SIX MILLION people are told to stay outdoors: A tenth of the UK’s population gets tough new ‘advice’ to curb Indian ‘Delta’ variant in the North West of England
- Health Secretary Matt Hancock said restrictions would be expanded further
- People will be urged to avoid meeting inside where possible and cut travel
- 22 councils in the region will be given military support to help with Covid testing
Nearly six million residents in the North West were yesterday told to meet other people outdoors and keep travel to a minimum to curb the spread of Covid’s Indian variant.
Health Secretary Matt Hancock said restrictions currently in place in Bolton would be expanded across the rest of Greater Manchester and Lancashire.
People will be urged to avoid meeting others inside where possible, cut back on travel in and out of the region and maintain social distancing.
The 22 councils in the region will be given military support to help with Covid testing and health chiefs will have the power to enforce mandatory face masks in secondary schools. Local leaders last night insisted the measures do not amount to a North West lockdown, but ‘guidance and advice’ for residents.
Although people in Greater Manchester and Lancashire have been told to minimise travel, they are still allowed to go on holiday. However, ministers are urging the 5.7million covered by the guidance to be cautious about social interaction in the face of high rates of the Indian variant.
Mr Hancock described the measures, which affect nearly one in ten of the UK population, as a ‘strengthened package of support’. He also admitted the Government faces a ‘challenging decision’ in working out whether ‘Freedom Day’ – the final step in lifting lockdown – can go ahead as planned on June 21.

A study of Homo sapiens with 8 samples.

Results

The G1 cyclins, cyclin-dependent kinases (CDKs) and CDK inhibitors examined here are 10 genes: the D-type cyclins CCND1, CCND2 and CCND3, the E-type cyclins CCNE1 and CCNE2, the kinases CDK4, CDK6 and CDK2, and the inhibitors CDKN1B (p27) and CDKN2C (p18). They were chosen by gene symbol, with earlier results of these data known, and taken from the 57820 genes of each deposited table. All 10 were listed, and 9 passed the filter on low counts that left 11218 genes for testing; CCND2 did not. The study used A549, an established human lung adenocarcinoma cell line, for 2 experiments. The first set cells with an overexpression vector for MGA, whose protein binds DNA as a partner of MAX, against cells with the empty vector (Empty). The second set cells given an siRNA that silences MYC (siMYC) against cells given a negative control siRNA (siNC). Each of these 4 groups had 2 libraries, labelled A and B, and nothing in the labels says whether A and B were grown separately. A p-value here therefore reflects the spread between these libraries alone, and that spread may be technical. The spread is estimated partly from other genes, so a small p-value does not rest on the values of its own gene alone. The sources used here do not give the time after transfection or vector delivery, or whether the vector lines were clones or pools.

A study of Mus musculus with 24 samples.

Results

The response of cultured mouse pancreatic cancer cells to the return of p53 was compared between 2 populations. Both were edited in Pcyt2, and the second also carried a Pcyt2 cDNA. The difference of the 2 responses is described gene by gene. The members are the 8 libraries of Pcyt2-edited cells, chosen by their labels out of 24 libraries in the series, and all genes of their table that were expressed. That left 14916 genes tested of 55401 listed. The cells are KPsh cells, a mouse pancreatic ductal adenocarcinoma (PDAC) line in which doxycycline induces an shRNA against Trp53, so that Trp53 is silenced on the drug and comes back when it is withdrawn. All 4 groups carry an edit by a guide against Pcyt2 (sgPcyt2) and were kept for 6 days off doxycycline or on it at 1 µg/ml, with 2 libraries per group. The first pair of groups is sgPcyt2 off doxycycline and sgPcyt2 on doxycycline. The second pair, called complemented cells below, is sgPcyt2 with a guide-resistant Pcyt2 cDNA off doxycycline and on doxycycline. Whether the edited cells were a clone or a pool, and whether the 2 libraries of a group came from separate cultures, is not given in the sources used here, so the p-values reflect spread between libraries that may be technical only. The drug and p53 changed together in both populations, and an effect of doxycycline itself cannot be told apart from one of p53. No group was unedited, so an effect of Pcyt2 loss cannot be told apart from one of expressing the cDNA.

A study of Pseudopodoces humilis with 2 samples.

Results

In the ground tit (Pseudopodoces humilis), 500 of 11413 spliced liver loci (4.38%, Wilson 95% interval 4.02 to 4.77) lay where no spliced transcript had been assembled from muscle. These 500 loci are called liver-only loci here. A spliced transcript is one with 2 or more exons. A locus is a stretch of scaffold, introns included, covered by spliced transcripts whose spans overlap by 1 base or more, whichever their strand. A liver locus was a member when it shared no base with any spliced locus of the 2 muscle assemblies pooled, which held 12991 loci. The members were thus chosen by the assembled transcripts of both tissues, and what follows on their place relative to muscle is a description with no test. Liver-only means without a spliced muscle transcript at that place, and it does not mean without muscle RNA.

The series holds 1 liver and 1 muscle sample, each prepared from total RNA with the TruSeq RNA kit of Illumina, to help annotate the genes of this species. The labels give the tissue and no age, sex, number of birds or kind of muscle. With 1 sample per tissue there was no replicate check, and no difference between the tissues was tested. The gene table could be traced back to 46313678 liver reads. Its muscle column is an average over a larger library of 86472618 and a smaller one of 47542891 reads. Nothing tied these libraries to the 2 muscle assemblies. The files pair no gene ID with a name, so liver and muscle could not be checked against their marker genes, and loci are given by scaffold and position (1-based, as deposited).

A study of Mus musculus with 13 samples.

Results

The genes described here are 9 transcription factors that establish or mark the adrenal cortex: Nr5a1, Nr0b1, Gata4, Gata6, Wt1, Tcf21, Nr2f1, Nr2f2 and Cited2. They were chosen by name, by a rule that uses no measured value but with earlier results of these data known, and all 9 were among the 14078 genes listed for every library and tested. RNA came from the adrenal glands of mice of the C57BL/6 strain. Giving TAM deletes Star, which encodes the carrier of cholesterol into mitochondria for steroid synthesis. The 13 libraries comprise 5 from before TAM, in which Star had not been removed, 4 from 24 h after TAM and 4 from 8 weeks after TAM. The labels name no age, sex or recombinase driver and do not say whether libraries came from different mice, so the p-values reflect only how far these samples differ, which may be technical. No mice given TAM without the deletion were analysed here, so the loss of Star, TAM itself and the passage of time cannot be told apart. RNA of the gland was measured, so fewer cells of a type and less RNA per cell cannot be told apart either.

Health Secretary Matt Hancock said restrictions currently in place in Bolton would be expanded across the rest of Greater Manchester and Lancashire
He told the Commons: ‘We know that this approach can work. We’ve seen it work in south London and in Bolton in stopping a rise in the number of cases.
‘This is the next stage of tackling the pandemic in Manchester and Lancashire and, of course, it’s vital that people in these areas, as everywhere else, come forward and get the jab as soon as they are eligible because that is our way out of this pandemic together.’
He added: ‘We face a challenging decision ahead of June 21. These are difficult judgments.’
Mr Hancock also stressed that ‘conclusive data’ on the effectiveness of the vaccine against the Indian variant would not be available for at least two more weeks.
He said Public Health England officials were trying to determine the crucial figure which would show how effective the jabs were at reducing serious diseases and hospital admissions. He added: ‘It’s obviously an absolutely critical figure and I’ll report it to the House as soon as we have it.’
The areas affected by the measures – which cover ten council areas in Greater Manchester and 12 in Lancashire – all have particularly high cases of the Indian variant, which has since been renamed the Delta variant.
The 22 councils in the region will be given military support to help with Covid testing and health chiefs will have the power to enforce mandatory face masks in secondary schools
But Greater Manchester Mayor Andy Burnham insisted the measures were guidance rather than a regional lockdown.
He said it was ‘very important to keep a sense of proportion’, adding: ‘This is guidance – it is advice to the public. It is not a lockdown. It is not a ban.
‘This is not about telling people to cancel their plans – it is about asking them to be careful in setting any new ones, to minimise non-essential travel.’
He urged ministers to release extra vaccine stocks, saying: ‘We are not asking for any more vaccine here than our fair share. What we are asking for is the bringing forward of Greater Manchester’s supplies so that we can run a surge vaccination programme over the next three weeks.’
Sacha Lord, night-time economy adviser for Greater Manchester, said: ‘We remain hopeful that with these measures in place Step Four of the roadmap on June 21 will go ahead.
‘However, we must not allow a disregard for the guidance now to affect those chances.
‘We must all continue to work as one to help prevent a surge of infections delaying our exit from this crisis – from those taking the time to discuss vaccine concerns with friends and family to the thousands of businesses who have worked hard to implement measures to aid the reduction in transmission.’